Resolutions For The New Year That Stick

The start of the New Year inspires many of us with the need for change. A new year brings with it the promise of new opportunities, and the desire to pursue them.

Goal benchmarking and thinking outside the box is great – but often when we make New Year’s resolutions we tend to get over-excited, and let our ambitions become unreachable. For many of us, our focus is on the big shiny red balls, like earning a lot more money or working for a specific organisation, but goals like these take time to achieve.

Big goals, alone, don’t work

At the time of setting these big goals, they can seem so extravagant – and so far from reality – that we never quite get around to making any forward movement with them. Lack of action and becoming discouraged ensures the death of big goals… but it doesn’t have to be that way.

There’s a saying that the best way to eat an elephant is one bite at a time, and it applies perfectly to goal setting and achievement.

You can absolutely set yourself a lofty objective, but you’ll only achieve it if you break it down into smaller, bite-sized goals that you can manage over time.

Big shiny goals, alone, don’t work.

Here are the three reasons why you need to break that big goal into smaller goals works:

Game plan.

You’ll know that your goal is achievable, with the right approach and planning. Write down three key things you’ll need to achieve to reach your big goal, then pen which actions you’ll need to take to achieve those three smaller goals.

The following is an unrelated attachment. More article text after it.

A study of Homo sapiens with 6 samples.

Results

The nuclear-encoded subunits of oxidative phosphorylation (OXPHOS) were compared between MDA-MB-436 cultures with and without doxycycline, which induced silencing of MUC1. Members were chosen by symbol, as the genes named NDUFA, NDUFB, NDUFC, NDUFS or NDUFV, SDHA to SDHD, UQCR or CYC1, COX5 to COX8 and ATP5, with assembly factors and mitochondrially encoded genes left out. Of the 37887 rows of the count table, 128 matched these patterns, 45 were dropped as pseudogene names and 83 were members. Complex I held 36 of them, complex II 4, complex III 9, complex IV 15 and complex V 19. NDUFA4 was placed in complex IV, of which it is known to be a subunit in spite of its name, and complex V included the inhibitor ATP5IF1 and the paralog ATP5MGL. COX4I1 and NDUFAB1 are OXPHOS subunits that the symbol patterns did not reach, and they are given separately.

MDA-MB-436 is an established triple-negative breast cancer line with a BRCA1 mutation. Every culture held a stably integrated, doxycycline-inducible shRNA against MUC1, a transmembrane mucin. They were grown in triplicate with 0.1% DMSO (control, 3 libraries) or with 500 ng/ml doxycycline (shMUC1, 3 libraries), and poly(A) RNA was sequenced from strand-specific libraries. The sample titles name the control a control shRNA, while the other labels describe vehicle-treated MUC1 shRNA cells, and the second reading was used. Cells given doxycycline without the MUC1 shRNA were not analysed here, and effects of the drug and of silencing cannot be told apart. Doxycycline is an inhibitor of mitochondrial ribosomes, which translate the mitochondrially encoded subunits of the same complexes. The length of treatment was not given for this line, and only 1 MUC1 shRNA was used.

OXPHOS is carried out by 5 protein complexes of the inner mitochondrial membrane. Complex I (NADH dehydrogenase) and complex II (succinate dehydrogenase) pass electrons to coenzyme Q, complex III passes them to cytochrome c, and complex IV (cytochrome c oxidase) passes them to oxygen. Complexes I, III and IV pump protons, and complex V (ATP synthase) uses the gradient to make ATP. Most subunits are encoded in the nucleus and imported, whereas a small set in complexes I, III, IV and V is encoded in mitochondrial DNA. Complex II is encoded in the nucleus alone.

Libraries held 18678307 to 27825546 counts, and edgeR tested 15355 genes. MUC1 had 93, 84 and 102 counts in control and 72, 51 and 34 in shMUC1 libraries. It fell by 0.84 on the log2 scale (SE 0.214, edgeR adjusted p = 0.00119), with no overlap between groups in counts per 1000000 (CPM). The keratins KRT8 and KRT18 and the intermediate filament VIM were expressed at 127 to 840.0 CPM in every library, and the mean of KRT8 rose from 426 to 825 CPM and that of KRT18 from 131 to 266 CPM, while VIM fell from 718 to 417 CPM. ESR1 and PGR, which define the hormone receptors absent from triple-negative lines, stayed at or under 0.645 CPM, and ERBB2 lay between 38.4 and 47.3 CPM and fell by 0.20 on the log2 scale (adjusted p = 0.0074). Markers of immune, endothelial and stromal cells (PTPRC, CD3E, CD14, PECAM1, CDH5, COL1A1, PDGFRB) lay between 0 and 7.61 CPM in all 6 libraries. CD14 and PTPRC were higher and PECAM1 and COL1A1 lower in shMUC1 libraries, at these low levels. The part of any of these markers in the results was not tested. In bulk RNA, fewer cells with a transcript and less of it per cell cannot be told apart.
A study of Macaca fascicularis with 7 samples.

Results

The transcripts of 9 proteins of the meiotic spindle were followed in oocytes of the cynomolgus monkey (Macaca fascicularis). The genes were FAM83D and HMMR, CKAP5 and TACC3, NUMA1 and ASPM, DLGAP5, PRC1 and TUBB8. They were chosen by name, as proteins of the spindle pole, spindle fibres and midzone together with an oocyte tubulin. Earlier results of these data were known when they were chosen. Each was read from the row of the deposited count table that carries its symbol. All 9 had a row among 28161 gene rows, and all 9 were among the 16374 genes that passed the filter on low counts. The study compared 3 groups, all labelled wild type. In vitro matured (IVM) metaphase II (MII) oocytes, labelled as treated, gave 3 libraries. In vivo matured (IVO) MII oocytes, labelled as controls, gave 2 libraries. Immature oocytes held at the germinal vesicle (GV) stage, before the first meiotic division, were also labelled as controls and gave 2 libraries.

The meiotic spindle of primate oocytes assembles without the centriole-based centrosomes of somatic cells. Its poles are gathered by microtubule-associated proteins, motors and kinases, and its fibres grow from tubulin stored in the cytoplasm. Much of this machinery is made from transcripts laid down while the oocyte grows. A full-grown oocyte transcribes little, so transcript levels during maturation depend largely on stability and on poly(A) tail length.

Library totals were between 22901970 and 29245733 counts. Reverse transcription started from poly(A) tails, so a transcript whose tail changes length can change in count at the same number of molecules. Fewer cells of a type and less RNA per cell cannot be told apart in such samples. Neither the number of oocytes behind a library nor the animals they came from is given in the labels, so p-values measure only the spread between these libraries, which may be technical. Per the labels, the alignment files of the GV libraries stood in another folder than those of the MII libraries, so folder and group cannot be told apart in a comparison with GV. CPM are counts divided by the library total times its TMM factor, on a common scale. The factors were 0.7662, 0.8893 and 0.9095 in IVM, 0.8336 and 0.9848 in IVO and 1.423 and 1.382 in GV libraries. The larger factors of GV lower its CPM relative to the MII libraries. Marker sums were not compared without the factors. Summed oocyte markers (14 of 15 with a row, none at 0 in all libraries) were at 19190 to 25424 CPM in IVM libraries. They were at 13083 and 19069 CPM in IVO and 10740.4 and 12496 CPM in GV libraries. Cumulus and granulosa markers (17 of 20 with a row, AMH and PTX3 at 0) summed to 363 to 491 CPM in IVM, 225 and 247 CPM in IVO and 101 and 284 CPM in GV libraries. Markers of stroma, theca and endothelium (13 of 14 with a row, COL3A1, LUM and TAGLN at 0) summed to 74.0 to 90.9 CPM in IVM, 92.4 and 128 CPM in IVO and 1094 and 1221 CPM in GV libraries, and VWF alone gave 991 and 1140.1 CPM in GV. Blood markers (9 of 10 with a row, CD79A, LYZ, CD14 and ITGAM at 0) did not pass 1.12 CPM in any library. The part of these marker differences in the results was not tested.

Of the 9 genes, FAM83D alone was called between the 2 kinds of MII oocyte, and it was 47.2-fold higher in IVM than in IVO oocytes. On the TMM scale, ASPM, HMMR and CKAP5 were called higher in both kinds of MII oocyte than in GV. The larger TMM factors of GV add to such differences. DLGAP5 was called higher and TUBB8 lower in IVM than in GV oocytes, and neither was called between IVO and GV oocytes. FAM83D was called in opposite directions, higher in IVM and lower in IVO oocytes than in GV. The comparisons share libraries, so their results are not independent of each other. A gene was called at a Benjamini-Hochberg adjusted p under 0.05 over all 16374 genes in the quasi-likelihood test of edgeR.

What you’ll have written down is a loose game plan that will lead you to success. You can also adjust it along the way, to ensure you stay on track towards your big goal, if a smaller one doesn’t pan out.

Maintain motivation.

With bite-sized goals, you’ll be able to celebrate your success along the way. Every small goal you achieve will take you one step closer to having achieved the big goal, which will help you maintain motivation and momentum.

Take the time to celebrate each success, and then move swiftly onto the next task.

Avoid analysis paralysis.

You’ll put far less pressure on yourself to do everything all at once. By focusing on one smaller goal at a time, but still keeping your end goal in mind, you’ll find it easier and less stressful to tackle each task.

When the pressure is off, you’re less likely to go into analysis paralysis (when you overthink the goal and end up getting nothing achieved), and more likely to think rationally, make good career decisions, and take action.

What’s your big goal for this year, and how are you going to break it down so that you can you achieve it?